Signs that your dog is stressed18 June 2020
The dog breeds providing us with solace during lockdown17 July 2020
Or have we all gone barking mad?
As lockdown hit, the demand for puppies and dogs in the UK hit an all time high. The Kennel Club reported a 140% increase in enquiries through it’s puppy portal year-on-year and The Dogs Trust were left with empty kennels as people flocked to rehome a four legged friend.
So have we gone barking mad or is the converse true? Is (wo)man’s best friend actually the answer to wellbeing in the 21st Century?
According to Positive Psychology, there are five cornerstones to wellbeing; positive emotion, engagement, relationships, meaning and achievement (PERMA)
Can dog ownership really help us meet each of the five pillars?
It’s a straightforward start. Sat here, typing away, I only need to look down at the dog bed beside me where chief Moment to Paws-er Ruby is laid with her legs splayed in the most unladylike position, to be filled with a surge of love and happiness. And there’s good reason for it. When we look at or have fun with our pets, our smiles automatically tigger positive brain chemistry, raising serotonin and dopamine levels – the nerve transmitters associated with calmness and happiness. What’s more, it has been proven that, when we look into a dog’s eyes, our bodies release oxytocin which is a hormone directly related to the relief of stress and anxiety.
Have you ever tried playing ‘tug’ with a dog while watching TV or thinking about your next meeting? Let me tell you, no you haven’t… it’s just not possible! When a dog plays ‘tug’ with you, they expect you to commit to it as much as they do. The slightest reduction in tension and they will be on your knee questioning your life choices. Engagement is all about focusing on one thing and letting your mind switch off to the distractions that we so often allow in. Playing with, stroking or even walking your dog gives you an opportunity to truly switch off; something which is so vital to our overall wellbeing.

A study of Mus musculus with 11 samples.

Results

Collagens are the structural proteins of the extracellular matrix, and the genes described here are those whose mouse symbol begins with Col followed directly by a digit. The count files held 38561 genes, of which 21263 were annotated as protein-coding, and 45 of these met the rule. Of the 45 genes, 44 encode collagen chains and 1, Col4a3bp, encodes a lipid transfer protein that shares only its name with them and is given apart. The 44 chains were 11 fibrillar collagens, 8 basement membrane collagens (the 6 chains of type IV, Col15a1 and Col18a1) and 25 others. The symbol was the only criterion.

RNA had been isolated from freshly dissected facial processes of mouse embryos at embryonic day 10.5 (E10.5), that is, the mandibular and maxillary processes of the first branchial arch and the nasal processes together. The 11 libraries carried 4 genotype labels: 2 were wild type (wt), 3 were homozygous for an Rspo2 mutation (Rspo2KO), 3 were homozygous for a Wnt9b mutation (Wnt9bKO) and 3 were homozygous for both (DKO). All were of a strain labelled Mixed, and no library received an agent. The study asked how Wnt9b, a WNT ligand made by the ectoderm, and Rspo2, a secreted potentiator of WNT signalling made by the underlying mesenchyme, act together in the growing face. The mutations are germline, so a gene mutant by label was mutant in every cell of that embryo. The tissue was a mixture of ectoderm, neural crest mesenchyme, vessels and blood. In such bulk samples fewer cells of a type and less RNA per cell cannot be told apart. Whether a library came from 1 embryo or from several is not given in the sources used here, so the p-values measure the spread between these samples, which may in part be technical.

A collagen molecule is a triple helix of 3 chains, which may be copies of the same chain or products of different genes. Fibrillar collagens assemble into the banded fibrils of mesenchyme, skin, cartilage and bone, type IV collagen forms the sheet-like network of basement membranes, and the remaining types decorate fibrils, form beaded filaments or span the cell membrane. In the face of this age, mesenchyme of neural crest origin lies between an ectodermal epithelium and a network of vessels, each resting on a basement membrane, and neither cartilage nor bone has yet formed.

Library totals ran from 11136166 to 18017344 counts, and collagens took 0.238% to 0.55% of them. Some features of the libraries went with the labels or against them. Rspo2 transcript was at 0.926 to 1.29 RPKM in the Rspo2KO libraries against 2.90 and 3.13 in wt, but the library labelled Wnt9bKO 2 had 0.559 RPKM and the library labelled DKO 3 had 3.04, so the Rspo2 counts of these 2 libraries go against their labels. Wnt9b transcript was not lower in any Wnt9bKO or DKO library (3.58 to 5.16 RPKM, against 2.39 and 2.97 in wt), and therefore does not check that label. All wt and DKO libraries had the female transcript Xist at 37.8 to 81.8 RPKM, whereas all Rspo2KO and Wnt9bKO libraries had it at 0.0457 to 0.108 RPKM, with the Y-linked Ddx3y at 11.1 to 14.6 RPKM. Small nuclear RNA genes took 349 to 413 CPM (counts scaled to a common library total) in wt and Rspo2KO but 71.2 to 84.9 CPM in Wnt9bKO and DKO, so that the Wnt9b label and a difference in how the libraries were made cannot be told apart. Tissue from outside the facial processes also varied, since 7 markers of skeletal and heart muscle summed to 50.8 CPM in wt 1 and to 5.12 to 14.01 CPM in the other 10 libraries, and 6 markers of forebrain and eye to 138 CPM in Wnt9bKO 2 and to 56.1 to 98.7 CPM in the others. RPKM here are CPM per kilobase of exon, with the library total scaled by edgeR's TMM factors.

It’s true what they say, there are two ways in which adults make friends within their neighbourhood; have a baby or get a dog.
Until Ruby came home, I knew my next door neighbour and…nope that was it, just my next door neighbour. Now, I can’t walk to the Post Office without stopping to chat to 10 friendly faces. Dogs are conversation catalysts; they seem to remove the social barriers that are so high when you walk alone and help us to form new friendships.
Dog’s give us purpose. They give us a reason to get up in the morning and they’ll always be ecstatic to see you. I have read a number of heartwarming stories from people suffering with depression or PTSD whose lives have been changed as a result of looking after a dog. A purpose is crucial when negative thoughts are abundant. These thoughts can be overwhelming but when your dog drags you off to the nearby woodland, it leaves less room in the mind for negativity and replaces it with positive emotion.
Sometimes it’s the little wins in life that put a smile on our faces. When you teach your dog a new trick, or they finally realise that the toilet is outside, not in your favourite shoes, it can give you a huge sense of achievement and satisfaction.
So there you have it. The five pillars of happiness as seen through a dog owner’s eyes. Maybe we’re not so barking mad after all (well, not in a derogaroty sense anyway…).